Like many places throughout the British Empire, the First World War had a tremendous impact on the Camberwell area, writes Neil Crossfield…
Many families would have their husbands, sons and fathers away fighting, but sometimes the war and its terrible consequences were brought far closer to home.
The Young Men’s Christian Association (YMCA) had been founded in 1844 and was part of the muscular Christianity movement so prevalent in the nineteenth century.
It had provided tented canteens for the Territorial Army since the turn of the century but when war was declared in August 1914, its support of the war effort grew exponentially with the creation of hundreds of YMCA “huts” both at home and abroad.
All across the many theatres of operations, in this World War, troops would find refuge when they saw the red triangle sign, indicating a YMCA centre.
The purpose of the huts was to provide a comfortable and homely space in which troops could relax and try to forget the horrors of the battlefield for a short time.
They could buy good wholesome food, cigarettes, tea or perhaps read a book or even play billiards, chess or draughts.
The YMCA also worked with organisations like the Workers Education Association and the forerunner of the Royal Army Education Corps to put on lectures for the men.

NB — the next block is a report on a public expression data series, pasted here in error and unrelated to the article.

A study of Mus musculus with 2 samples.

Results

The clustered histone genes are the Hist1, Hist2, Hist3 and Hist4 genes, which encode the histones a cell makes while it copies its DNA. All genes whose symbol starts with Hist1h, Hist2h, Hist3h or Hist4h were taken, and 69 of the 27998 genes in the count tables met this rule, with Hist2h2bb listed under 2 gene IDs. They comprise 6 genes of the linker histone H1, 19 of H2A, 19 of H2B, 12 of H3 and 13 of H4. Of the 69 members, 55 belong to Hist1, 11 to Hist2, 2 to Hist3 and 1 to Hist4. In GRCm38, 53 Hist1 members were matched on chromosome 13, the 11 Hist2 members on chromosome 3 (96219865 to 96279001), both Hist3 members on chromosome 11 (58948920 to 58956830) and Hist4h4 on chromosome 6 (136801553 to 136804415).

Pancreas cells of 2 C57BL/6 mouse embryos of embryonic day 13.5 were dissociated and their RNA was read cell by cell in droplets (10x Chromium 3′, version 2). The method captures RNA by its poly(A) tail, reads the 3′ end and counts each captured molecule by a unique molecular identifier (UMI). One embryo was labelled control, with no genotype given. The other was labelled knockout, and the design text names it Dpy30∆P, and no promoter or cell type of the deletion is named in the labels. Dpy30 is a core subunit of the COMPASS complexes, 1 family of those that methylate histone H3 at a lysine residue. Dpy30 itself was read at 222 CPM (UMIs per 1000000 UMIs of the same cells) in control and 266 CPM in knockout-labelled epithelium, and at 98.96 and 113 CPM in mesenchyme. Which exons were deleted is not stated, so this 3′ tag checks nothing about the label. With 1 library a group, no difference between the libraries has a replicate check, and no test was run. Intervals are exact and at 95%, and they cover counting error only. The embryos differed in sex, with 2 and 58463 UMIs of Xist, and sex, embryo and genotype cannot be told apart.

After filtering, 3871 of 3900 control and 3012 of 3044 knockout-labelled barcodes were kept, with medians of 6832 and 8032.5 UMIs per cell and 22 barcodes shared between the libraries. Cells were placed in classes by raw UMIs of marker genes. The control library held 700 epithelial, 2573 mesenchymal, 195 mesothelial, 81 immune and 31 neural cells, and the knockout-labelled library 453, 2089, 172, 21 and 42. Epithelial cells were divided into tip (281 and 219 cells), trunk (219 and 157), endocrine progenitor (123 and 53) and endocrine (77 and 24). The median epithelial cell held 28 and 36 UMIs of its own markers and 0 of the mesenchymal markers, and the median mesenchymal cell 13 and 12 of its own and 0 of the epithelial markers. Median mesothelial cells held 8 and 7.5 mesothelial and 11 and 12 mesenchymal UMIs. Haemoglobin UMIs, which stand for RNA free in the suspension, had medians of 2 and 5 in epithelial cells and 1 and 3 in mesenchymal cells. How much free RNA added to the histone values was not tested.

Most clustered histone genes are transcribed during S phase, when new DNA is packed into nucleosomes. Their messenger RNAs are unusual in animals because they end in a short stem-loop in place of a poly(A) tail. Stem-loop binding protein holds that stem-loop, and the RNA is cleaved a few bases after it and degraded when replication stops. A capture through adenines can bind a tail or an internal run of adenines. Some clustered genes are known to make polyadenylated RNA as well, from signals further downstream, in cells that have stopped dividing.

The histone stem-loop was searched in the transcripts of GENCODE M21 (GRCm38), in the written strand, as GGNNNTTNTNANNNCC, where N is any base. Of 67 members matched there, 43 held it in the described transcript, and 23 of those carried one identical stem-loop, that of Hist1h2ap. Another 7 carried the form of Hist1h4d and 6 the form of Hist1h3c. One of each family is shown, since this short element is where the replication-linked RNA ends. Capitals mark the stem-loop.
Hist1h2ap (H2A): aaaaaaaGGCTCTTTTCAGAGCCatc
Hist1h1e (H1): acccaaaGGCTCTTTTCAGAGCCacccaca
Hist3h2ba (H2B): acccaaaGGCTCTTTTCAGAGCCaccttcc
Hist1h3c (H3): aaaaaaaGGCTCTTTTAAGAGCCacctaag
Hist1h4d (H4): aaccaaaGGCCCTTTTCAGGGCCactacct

In line with their Christian ethos, the types of entertainment and distractions provided were no doubt an attempt to divert the men away from the temptations of alcohol and “loose women” when they were away from the front. Troops were even encouraged to sign a temperance pledge.
How well this strategy worked when Camberwell Green was but a short tram ride away from the flesh pots of the West End is unknown, but records later show that the YMCA were paying for medical experts to visit the front line to warn the troops about the dangers of venereal diseases.
The YMCA also supplied stationery and encouraged the troops to write letters home. This was provided free of charge and was an extremely important part of their work. By 1918 some 930 million pieces of stationery had been sent out by YMCA HQ for distribution amongst those serving.
The huts were provided by private donations, or as in the case of the one on Camberwell Green, by public subscription.
The YMCA organised “Hut Weeks” to pay for the building and furnishing the huts. The image above shows a large sign advertising the appeal in Camberwell and eventually a total of £3,792 was raised.
Built by J.Mc Manus Ltd, it was opened on Empire Day, 24th May 1917, by various dignitaries including the Countess of Lansborough, the Countess of Wilton and the Mayor of Camberwell, Thomas Coombs.
Run by a Miss Marjorie Butter, the hut had a billiard room, reading rooms and 150 beds for those staying overnight.
Many injured troops from a nearby military hospital would visit the hut to attend concerts and use its facilities.
The hut was visited by the Queen of Roumania, (now Romania) Queen Victoria’s granddaughter.
After the war the hut was sold to the Camberwell Corporation for £1,250 and used as a labour exchange until January 1921 when it was destroyed in a suspicious fire.